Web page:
If investors feel like they've seen the current state of the market before it's because they have—back in 2011.
That was the year the Federal Reserve was winding down the second leg of quantitative easing—the monthly bond-buying program that has pushed the U.S. central bank's balance sheet past the $4.5 trillion mark. It also was the last time the stock market, in the midst of a 190 percent surge since the March 2009 lows, saw a correction as generally defined on Wall Street.
In that downturn, the dropped 19 percent—just 1 percentage point short of a bear market—as the European debt crisis raged and investors panicked that the Fed was taking away its symbolic punch bowl while the world was still in chaos.
Flash forward to 2014 and the Fed again is looking to end QE against a global backdrop that is less than appealing.
Parts of Europe are in deflation, growth worries continue in China, and Islamic extremists have added a new layer of instability to the Middle East.
Perhaps predictably, stocks have wobbled, with a series of triple-digit up and down moves on the Dow industrials and another round of worry that the long-anticipated correction looms.
The Sigmund Holmes market blog charted out the 2011 market against its 2014 cousin, and offered this analysis:
There was an initial selloff (in 2011) that broke the 50 day moving average as the end of QE neared in the spring, but the market recovered its legs and made a new high in early May. The next selloff took the market down to the 200 day moving average, where it held once again. The next rally, however, failed to take the market to a new high. The ultimate selloff broke the 200 day and the market finally bottomed in October.
As you can see, we've already had the first down leg that broke the 50 day moving average and it appears we've now entered the second phase. If it follows the 2011 script, the current correction should be halted at the 200 day around 1900. If it continues to follow the script we should get a rally from there that fails to make a new high and then the final downdraft for a 20% correction. That would be around 1600 on the S&P 500, a level we haven't seen since mid 2013.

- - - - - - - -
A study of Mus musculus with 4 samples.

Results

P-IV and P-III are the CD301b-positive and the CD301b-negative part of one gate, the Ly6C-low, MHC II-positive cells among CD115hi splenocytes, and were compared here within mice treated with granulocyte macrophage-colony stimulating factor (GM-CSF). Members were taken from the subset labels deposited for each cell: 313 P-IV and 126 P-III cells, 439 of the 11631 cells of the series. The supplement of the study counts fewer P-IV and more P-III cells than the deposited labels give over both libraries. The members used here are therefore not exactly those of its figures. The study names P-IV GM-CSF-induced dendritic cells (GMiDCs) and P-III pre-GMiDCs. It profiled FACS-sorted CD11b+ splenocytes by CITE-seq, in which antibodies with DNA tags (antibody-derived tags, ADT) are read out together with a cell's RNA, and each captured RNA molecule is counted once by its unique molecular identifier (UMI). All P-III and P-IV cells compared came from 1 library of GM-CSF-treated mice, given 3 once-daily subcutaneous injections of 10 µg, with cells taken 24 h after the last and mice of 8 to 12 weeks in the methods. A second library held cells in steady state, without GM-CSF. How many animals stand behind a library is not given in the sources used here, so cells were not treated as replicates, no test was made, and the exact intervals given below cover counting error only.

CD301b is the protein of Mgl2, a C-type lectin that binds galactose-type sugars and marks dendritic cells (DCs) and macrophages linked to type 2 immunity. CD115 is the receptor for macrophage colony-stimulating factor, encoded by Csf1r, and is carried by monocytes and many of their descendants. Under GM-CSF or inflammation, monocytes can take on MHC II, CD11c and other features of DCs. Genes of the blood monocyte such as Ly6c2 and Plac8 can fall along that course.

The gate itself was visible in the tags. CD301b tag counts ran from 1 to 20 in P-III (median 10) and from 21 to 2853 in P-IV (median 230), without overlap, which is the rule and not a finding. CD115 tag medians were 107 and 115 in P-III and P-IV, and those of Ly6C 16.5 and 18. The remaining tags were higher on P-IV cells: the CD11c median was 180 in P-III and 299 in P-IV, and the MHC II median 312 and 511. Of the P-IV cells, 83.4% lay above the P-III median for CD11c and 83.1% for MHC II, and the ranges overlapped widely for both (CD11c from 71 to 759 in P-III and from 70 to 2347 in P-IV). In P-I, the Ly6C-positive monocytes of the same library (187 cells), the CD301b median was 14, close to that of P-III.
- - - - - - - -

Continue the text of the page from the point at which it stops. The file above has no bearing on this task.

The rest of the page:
The popular correction forecast of a 10 percent or better drop stands a good chance of becoming the worst call of 2014 when all is said and done, and there's substantial reason to believe there won't be a repeat of the 2011 performance.
Economically speaking the U.S. appears to be in considerably better shape compared to a time when it was still reeling from the financial crisis. Earnings have continued to progress, and if anything the U.S. appears better situated than much of the developed world while the Fed keeps short-term interest rates anchored near zero.
"We very well might be much closer to the end of this decline than the beginning and at 1,946, the S&P is about 7.9 percent away from our year-end target," Dan Greenhaus, chief strategist at BTIG, said in a note. "If we're going to be right, then adding exposure at this point is going to prove rewarding."
Still, Greenhaus points out that in some respects the market already has corrected in a 2011-ish way.
The index, for instance, is off 10.2 percent from its March high, and 54 percent of the small-cap barometer's stocks are down 20 percent from their 52-week highs, while 19 percent are down 40 percent from that level.
As for the , less than 30 percent of its members are above their 50-day moving average while less than 38 percent are above their 100-day moving average, "levels more or less in line with the end of previous corrections," Greenhaus said.
Ultimately, the market's behavior may signify not a substantial correction on the horizon but rather a market where volatility will become the watchword and where pockets of weakness could be more substantial than the whole.
The Sigmund Holmes post warns against too quickly dismissing the possibility of more market damage.
We'll see if this continues to develop in a similar fashion to 2011. I have a sneaky suspicion that it may actually turn into a bigger correction. There are a lot of people in this market who really don't want to own it and any hint of losses may be enough to send the hedge fund and mutual fund traders to the door in an effort to protect the old year end bonus. Stay tuned.